By Kirthi Jayakumar
When Malala Yousufzai was shot, the Taliban sent out two messages to the world. That they were absolutely cowardly, for it is only cowardice that goads one to attack an unarmed girl, and that it is not force or political wrath that they fear – but an ordinary little girl with dreams to study, and the propensity of an educated society of women.
Malala is the face of the whole ocean of teenaged Afghan girls. Whilst children world over spend time wondering why “school-was-invented” or what excuse they can pull to be able to get out of school the next day, for girls like Malala, where the Taliban decides the course that their lives must chart, school is a dream.
The Taliban regime in Afghanistan was the proverbial death-knell for progressive lifestyles of women in the country. With the advent of the Taliban, Women were denied some of their most basic human rights and fundamental freedoms. The right to life, to work and study, to access health care, the freedoms of expression, movement and religion were no longer allowed to be enjoyed by women. There were instances of women asserting their rights under the Taliban regime, only to be subjected to public lapidation, beatings and imprisonment. Women were oppressed and left bereft of the rights that were inherent to their very existence. Women were not allowed to leave their households unless they had a burqa and had a male-member of their family to accompany them. These policies rendered many women immobile and confined to their houses, because they were either too poor to afford a burqa, or, had no male relatives left after war. The women who remained at home were made to paint their windows so that no one could look in, from outside, and vice-versa. The few women who once held respectable positions prior to the five years under Taliban rule, were forced to beg to survive, or to stay confined in their houses.
The consequences were manifold. Women teachers who functioned prior to the Taliban regime were no longer allowed to teach at schools. This led to the redundancy of many schools, and the imposition of a severe strain on the education system. Women in the medical field, though were allowed to continue, because women could only be treated by female physicians only. Despite that, there was a steady decline in access to medical care and health care facilities, because it was frowned upon for a woman to go to a hospital. The few that tried were beaten brutally. After braving all of that, if a woman made it to the hospital, there was no guarantee that she would be seen by a doctor. On the other hand, a parallel market of human-trafficking, prostitution and slavery thrived as the covert industry flourished under the rubric of harsh mistreatment of women.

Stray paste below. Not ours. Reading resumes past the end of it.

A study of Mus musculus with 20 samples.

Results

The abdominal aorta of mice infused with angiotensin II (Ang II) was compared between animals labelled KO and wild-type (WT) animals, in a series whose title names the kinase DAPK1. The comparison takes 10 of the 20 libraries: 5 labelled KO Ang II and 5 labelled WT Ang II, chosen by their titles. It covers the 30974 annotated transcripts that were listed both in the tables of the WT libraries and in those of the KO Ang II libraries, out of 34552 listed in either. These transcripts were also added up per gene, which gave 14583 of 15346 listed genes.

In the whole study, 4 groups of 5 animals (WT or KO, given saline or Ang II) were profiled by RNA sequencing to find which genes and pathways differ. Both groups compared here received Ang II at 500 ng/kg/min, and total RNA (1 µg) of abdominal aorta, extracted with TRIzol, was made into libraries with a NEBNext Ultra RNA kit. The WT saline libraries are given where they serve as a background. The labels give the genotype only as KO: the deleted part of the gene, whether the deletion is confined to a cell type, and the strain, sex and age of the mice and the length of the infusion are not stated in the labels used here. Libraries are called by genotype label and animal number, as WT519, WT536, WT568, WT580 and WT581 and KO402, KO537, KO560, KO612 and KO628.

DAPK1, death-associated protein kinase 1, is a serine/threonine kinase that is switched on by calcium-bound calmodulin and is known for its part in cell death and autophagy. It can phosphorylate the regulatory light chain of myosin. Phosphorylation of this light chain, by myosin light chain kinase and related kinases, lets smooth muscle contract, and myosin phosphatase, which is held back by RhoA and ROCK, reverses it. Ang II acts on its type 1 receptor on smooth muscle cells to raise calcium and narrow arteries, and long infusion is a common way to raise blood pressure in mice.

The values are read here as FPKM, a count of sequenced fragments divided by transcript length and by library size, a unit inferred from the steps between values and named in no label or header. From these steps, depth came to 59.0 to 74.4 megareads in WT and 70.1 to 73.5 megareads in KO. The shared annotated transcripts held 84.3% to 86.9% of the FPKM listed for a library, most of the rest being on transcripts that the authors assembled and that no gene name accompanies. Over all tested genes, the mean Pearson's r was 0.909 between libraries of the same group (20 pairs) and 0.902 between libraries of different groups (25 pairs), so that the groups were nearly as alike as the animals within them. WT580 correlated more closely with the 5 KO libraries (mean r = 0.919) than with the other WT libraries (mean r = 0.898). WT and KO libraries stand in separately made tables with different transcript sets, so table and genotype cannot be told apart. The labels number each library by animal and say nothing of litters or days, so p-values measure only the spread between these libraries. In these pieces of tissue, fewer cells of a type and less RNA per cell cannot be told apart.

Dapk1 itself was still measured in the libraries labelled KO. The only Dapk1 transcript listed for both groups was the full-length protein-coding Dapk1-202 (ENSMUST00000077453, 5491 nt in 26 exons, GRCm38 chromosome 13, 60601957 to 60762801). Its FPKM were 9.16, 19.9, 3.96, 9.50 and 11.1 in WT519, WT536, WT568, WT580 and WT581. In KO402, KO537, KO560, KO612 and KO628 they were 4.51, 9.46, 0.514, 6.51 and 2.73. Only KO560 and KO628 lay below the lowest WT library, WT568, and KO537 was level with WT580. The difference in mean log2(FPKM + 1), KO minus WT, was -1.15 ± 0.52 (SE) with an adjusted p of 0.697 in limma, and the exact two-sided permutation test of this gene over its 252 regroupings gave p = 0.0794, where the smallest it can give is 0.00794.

In this background, maybe the attack on Malala is not “out-of-the-blue” for the cynical thinker. But in truth, whatever be the background, the attack on Malala is a cruel, filthy and a disgusting attempt at socking independent thinking in the face. What Malala demanded, was her birthright, a right that so many countries, hers including, have agreed to guarantee to their children. But for Malala and many girls like her, reality spells deprivation of this basic right.
On October 9, 2012 two gunmen stopped her school bus and sought her out by name. She was shot her twice from close range. The shots hit her in the face and the leg, while also injuring two other girls. Malala was not just attacked – in the run up to her attack, the girl was sent threats for years together. While the world spent time reading what she wrote on her blog, no one stopped a moment to act for her, and for girls like her. Malala has spent her life under the yoke of threats, walking the tight-rope of activism through her blog. Malala’s father once ran a girls school, and has spent his life standing up to the Taliban for their hard-liner politics.
Some say Malala is a hero. Some say Malala is a scion of all things women’s rights. Still some say that Malala is a fighter. Which are all indeed undoubtedly true. But my questions are simple. Why is the world allowing the prevalence of a situation where these girls are forced to be fighters? Why is the world allowing girls like Malala to be vulnerable to the Taliban? How can the world lay claim to devoting a “Day” for Girls across the world, when girls like Malala continue to feel the pinch of their lives under disastrous social, political and cultural conditions?
Imagine a scenario where a child is made to choose between losing a limb and redeeming himself for his “wrongdoing” by becoming a suicide bomber. Imagine a scenario where a girl puts her life on line if she wants to go to school. Imagine a life where THIS is the reality. And then walk a mile in those children’s shoes. Afghanistan’s girl sits in hope for a better future as threats of prostitution, domestic violence and a deprivation of basic rights such as education hold her tightly bound as if in a leash. These girls don’t need op-ed pieces about their heroism, or their bravery. They need action. And they need it now.
 Rostami-Povey, Elaheh (2007-10-16). Afghan Women: Identity and Invasion. Zed Books
 Skaine, Rosemarie (2008-09-23). Women of Afghanistan In The Post-Taliban Era: How Lives Have Changed and Where They Stand Today. McFarland.
 “Lifting The Veil On Taliban Sex Slavery”. Time Magazine. 2002-02-10.